Richard D. CLAY, Petitioner-Appellant, v. Michael BOWERSOX, Respondent-Appellee.
[TO BE PUBLISHED]
Richard D. Clay was convicted of murder in Missouri and sentenced to death. See Clay v. Bowersox, 367 F.3d 993 (8th Cir.2004); State v. Clay, 975 S.W.2d 121 (Mo.1998). The Supreme Court of Missouri has scheduled Clay's execution for January 12, 2011. Clay has filed with this court an application for a certificate of appealability from the district court's1 order of January 3, 2011, denying his Supplemental Petition for Writ of Habeas Corpus. He also filed a motion for stay of execution. For the reasons that follow, we deny the application and dismiss the appeal. We also deny the motion for stay of execution.
Clay's supplemental petition argued that the State of Missouri violated his rights under the Due Process Clause of the Fourteenth Amendment, as construed in Hicks v. Oklahoma, 447 U.S. 343, 346 (1980).2 Clay contends that the State arbitrarily denied him the right to proportionality review of his death sentence under Mo.Rev.Stat. § 565.035.3, as recently defined by the Supreme Court of Missouri in State v. Dorsey, 318 S.W.3d 648, 659 (Mo.2010). Whereas the state supreme court in Clay's case conducted proportionality review by comparing his case only to other similar cases in which the death penalty was imposed, Clay, 975 S.W.2d at 146, the court recently changed its construction of the statute, and held that proportionality review now requires consideration of all factually similar cases in which the death penalty was submitted to the jury, including those resulting in a sentence of life imprisonment without the possibility of probation or parole. Dorsey, 318 S.W.3d at 659. In support of his application for a certificate of appealability, Clay points out that this court, on November 12, 2010, granted a certificate of appealability in Goodwin v. Roper, No. 10-2816, on the question whether the Supreme Court of Missouri unreasonably applied Hicks when it conducted proportionality analysis by comparing Goodwin's case only to similar cases in which death was imposed.
After this court granted a certificate in Goodwin, the Supreme Court of Missouri explained that Clay “received proportionality review in the manner provided by law at the time of that review,” and that proportionality review as provided in the recent Dorsey decision “is not to be applied retrospectively.” Order, State v. Clay, No. SC78373 (Mo. Dec. 9, 2010). In light of this explanation by the Missouri court, we conclude that Clay has not made “a substantial showing of the denial of a constitutional right,” 28 U.S.C. § 2253(c)(2), as required for the issuance of a certificate of appealability, see Miller-El v. Cockrell, 537 U.S. 322, 327 (2003), or shown a significant possibility of success on the merits, as required for a stay of execution. See Hill v. McDonough, 547 U.S. 573, 584 (2006).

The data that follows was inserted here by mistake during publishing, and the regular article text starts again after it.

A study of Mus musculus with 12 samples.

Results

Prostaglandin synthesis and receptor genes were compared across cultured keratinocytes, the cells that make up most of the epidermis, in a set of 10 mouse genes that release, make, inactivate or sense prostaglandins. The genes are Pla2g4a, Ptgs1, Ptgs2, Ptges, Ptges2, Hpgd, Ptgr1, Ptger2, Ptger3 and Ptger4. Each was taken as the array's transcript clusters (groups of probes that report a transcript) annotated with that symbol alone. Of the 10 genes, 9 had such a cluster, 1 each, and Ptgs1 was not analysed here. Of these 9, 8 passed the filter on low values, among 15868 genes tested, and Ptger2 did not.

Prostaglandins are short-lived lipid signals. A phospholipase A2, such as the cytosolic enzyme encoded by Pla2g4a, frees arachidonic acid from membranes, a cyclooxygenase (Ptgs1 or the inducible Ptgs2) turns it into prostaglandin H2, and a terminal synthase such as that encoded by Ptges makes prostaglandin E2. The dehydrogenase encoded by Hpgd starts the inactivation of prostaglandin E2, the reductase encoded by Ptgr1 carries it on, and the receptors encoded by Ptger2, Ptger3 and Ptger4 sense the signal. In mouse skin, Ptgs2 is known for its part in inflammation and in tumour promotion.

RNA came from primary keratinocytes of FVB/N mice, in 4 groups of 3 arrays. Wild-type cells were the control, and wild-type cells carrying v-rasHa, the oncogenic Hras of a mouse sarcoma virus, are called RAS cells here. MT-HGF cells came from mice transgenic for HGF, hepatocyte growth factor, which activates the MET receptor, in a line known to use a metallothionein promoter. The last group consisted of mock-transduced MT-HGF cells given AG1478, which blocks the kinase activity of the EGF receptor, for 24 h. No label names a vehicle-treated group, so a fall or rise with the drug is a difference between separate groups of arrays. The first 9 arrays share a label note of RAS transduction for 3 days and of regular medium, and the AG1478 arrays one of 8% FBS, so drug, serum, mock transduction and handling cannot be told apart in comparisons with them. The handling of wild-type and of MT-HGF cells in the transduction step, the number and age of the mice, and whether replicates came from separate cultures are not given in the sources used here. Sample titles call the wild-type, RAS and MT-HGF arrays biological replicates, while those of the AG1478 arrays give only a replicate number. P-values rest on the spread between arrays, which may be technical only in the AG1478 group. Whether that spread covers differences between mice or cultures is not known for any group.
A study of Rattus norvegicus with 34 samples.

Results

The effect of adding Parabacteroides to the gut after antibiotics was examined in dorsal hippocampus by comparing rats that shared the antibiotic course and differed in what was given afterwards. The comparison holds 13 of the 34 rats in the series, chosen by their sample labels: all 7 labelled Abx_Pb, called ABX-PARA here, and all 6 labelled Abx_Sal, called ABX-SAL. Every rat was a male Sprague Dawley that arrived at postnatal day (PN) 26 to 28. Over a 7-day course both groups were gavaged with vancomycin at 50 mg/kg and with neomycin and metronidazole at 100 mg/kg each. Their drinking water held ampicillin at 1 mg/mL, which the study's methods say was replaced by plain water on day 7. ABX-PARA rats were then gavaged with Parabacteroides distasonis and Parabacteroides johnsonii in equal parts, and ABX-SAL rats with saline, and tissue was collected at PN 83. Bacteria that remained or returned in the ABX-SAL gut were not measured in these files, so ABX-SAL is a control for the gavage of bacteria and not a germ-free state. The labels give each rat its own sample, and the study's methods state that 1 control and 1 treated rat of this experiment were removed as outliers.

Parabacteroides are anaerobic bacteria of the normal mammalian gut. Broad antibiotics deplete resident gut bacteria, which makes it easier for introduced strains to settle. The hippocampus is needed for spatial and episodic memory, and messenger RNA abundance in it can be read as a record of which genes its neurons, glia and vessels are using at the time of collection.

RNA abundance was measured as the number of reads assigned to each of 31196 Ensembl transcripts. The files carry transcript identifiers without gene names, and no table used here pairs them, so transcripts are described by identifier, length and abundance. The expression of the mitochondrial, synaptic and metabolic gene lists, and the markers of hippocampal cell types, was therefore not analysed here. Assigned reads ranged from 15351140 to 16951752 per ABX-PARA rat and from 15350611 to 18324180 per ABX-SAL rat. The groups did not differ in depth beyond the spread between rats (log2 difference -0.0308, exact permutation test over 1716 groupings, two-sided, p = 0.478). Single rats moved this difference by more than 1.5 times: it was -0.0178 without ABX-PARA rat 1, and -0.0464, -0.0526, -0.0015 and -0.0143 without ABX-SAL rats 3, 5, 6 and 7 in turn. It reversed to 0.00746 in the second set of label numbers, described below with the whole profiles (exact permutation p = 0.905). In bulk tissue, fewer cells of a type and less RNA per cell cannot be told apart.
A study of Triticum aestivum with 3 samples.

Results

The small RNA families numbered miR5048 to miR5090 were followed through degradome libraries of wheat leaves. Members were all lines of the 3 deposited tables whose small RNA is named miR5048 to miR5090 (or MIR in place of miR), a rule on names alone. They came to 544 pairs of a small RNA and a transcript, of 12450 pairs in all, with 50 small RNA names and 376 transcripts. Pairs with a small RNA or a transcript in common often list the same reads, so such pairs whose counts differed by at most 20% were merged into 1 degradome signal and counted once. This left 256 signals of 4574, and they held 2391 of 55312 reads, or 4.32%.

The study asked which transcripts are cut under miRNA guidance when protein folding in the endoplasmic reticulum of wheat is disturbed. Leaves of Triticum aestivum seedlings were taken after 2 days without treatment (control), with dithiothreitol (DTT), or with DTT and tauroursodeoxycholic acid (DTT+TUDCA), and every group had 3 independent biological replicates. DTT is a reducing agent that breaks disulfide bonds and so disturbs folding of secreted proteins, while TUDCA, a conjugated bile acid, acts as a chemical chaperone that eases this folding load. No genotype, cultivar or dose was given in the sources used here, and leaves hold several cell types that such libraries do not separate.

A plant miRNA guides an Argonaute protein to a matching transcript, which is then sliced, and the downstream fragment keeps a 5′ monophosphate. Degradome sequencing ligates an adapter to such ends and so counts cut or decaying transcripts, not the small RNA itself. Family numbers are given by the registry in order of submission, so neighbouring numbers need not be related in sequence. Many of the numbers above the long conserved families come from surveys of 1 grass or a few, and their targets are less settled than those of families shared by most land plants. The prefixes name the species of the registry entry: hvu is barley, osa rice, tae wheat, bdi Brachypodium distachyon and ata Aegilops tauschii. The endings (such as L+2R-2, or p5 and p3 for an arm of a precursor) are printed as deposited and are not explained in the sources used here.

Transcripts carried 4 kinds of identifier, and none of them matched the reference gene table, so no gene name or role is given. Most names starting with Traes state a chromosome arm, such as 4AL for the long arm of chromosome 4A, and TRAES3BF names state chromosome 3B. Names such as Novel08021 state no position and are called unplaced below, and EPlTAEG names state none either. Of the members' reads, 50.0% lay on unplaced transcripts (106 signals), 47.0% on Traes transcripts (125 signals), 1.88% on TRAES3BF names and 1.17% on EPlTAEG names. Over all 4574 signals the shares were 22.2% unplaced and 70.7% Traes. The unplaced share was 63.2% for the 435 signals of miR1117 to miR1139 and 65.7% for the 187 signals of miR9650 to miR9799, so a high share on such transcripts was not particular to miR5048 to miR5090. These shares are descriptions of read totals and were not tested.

The Supreme Court in Wainwright v. Stone, 414 U.S. 21 (1973) (per curiam), held that a state supreme court is not constitutionally compelled to make retroactive its new construction of a state statute, id. at 23-24, explaining that “ ‘[a] state in defining the limits of adherence to precedent may make a choice for itself between the principle of forward operation and that of relation backward. It may say that decisions of its highest court, though later overruled, are law none the less for intermediate transactions.’ “ Id. at 24 (quoting Great N. Ry. Co. v. Sunburst Oil & Ref. Co., 287 U.S. 358, 364 (1932)). Hicks did not involve a question of retroactivity, and it did not cast doubt on the discussion of retroactivity in Stone. Clay therefore has not made a substantial showing that the decision of the Supreme Court of Missouri to apply its new construction of Mo.Rev.Stat. § 565.035.3 prospectively only is an unreasonable application of clearly established federal law, as determined by the Supreme Court of the United States.
The application for a certificate of appealability is denied, and the appeal is dismissed. The motion for stay of execution is denied.
1. The Honorable Dean Whipple, United States District Judge for the Western District of Missouri.
2. The Anti-Terrorism and Effective Death Penalty Act restricts the authority of a district court to consider “second or successive” habeas corpus applications under 28 U.S.C. § 2254, and it requires authorization from a court of appeals before a second or successive application may be filed in the district court. 28 U.S.C. § 2244(b). The State took the position in the district court that “Clay's claim is not ‘second or successive’ under 28 U.S.C. § 2244(b) because he was not able to raise his claim in his original habeas petition.” R. Doc. 81, at 1 n. 1. As in Jones v. Roper, 311 F.3d 923, 924-25 (8th Cir.2002) (per curiam), we assume this point for purposes of analysis. See Crouch v. Norris, 251 F.3d 720, 723 (8th Cir.2001) (“Courts considering the construction of § 2244(b) have uniformly rejected a literal reading.”). But cf. Magwood v. Patterson, 130 S.Ct. 2788, 2798 (2010) (“AEDPA uses the phrase ‘second or successive’ to modify ‘application.’ The State reads the phrase to modify ‘claims.’ We cannot replace the actual text with speculation as to Congress' intent.”) (citations omitted).